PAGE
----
Java 2 by Example is aimed at beginners to intermediate level programmers. Its stated aims are to teach programming in Java by presenting real-world examples. There is a delicate balance between giving a good grounding in the basics of programming, without insulting the reader's intelligence and teaching the more advanced techniques without over-stretching the reader's abilities. This book struggles to get that balance right. It starts with the obligatory 'Hello World' program (although it is a bit more original in that it says 'Welcome to Java'), then all the Java reserved words and operators are explained in a rather slow and pedantic fashion. After describing the structure of a Java program the author skips over some of the more difficult concepts, like object cloning, much too quickly.
Many of the example programs (available for download from Que's web site) are far too trivial in nature but they demonstrate the programming techniques adequately. There are no exercises for the reader to test his or her understanding of each chapter. The programs seem to be free of any major errors, at least.
The chapters are structured reasonably well, each new topic building on what has been taught so far. Geoff Friesen's writing style is fairly easy to follow but some sections need to be read two or three times to fully comprehend the subject matter. Similarly, a lot of new terminology is introduced in each chapter and I think it would have been a good idea if these could have been highlighted in some way, so that you could refer back to those which you had not fully grasped first time.
About a quarter of the book is devoted to the Java Foundation Classes (JFC), which is probably the most interesting section. All of the class methods and components are described with short example programs showing how to create your own GUI programs. The next two chapters deal with multi-threading and streams and once again the example programs are somewhat trivial in style.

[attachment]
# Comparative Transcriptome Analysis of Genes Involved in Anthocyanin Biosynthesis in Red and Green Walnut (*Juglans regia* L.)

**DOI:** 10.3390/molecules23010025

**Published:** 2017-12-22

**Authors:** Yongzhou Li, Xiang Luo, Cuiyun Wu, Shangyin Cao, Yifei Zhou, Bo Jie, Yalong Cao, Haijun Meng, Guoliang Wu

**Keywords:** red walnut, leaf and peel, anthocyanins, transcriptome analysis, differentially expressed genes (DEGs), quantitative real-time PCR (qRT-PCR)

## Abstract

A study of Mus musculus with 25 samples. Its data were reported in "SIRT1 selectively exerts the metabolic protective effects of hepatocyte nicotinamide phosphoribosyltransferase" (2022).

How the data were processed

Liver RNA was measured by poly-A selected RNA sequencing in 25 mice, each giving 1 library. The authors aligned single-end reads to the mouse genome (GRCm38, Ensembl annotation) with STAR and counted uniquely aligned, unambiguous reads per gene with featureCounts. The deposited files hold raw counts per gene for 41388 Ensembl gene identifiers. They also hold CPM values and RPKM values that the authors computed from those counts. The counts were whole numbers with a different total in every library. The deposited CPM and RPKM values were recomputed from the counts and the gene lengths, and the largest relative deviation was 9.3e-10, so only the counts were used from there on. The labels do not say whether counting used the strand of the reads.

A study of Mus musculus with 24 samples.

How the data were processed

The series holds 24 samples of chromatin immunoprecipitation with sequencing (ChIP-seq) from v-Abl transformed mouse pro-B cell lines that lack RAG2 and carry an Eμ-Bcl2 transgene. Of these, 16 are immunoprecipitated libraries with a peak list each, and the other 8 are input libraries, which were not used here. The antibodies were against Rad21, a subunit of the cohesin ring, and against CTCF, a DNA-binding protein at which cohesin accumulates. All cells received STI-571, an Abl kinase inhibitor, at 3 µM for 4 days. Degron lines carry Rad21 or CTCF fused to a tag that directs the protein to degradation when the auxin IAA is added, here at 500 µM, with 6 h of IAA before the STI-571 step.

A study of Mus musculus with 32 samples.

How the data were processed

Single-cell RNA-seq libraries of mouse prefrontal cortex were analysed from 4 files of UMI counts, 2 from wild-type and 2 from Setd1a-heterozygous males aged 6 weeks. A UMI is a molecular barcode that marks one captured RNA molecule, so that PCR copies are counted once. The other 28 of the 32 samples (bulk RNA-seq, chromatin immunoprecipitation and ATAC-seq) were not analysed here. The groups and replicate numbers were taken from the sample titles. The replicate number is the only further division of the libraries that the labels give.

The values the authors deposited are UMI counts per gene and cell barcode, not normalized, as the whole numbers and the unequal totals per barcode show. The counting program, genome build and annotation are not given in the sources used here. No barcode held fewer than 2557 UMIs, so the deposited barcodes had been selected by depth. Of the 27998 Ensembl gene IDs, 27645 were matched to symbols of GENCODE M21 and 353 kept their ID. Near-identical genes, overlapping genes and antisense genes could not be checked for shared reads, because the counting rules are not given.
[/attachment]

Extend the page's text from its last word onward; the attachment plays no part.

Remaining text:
The book concludes with developing a more substantial application, a contact manager program.
The whole book is based on the Java Development Kit 1.2 available for free download from Sun's web site. This is run from a DOS window. Sun has now released JDK 1.3 which is a Windows programming environment similar to Borland's JBuilder. Therefore, I feel that this book is already a bit out of date as few people will want to revert back to the Dark Ages of programming under DOS. Most of the example programs are stand-alone to be run from the command prompt. There are few examples of writing Java applets to enhance your web site design.
Overall, Java 2 by Example is quite a good introduction to Java programming but I would recommend prospective buyers to have a look at other Java books in the bookshop to see if they are better suited to your particular needs. If you are using one of the RAD tools like JBuilder or are interested in writing Java applets for your web site then there are probably better books on the market. This is also not suitable to be used as a reference book for Java. If you can afford to buy several books then this could still be a useful addition to your bookshelf.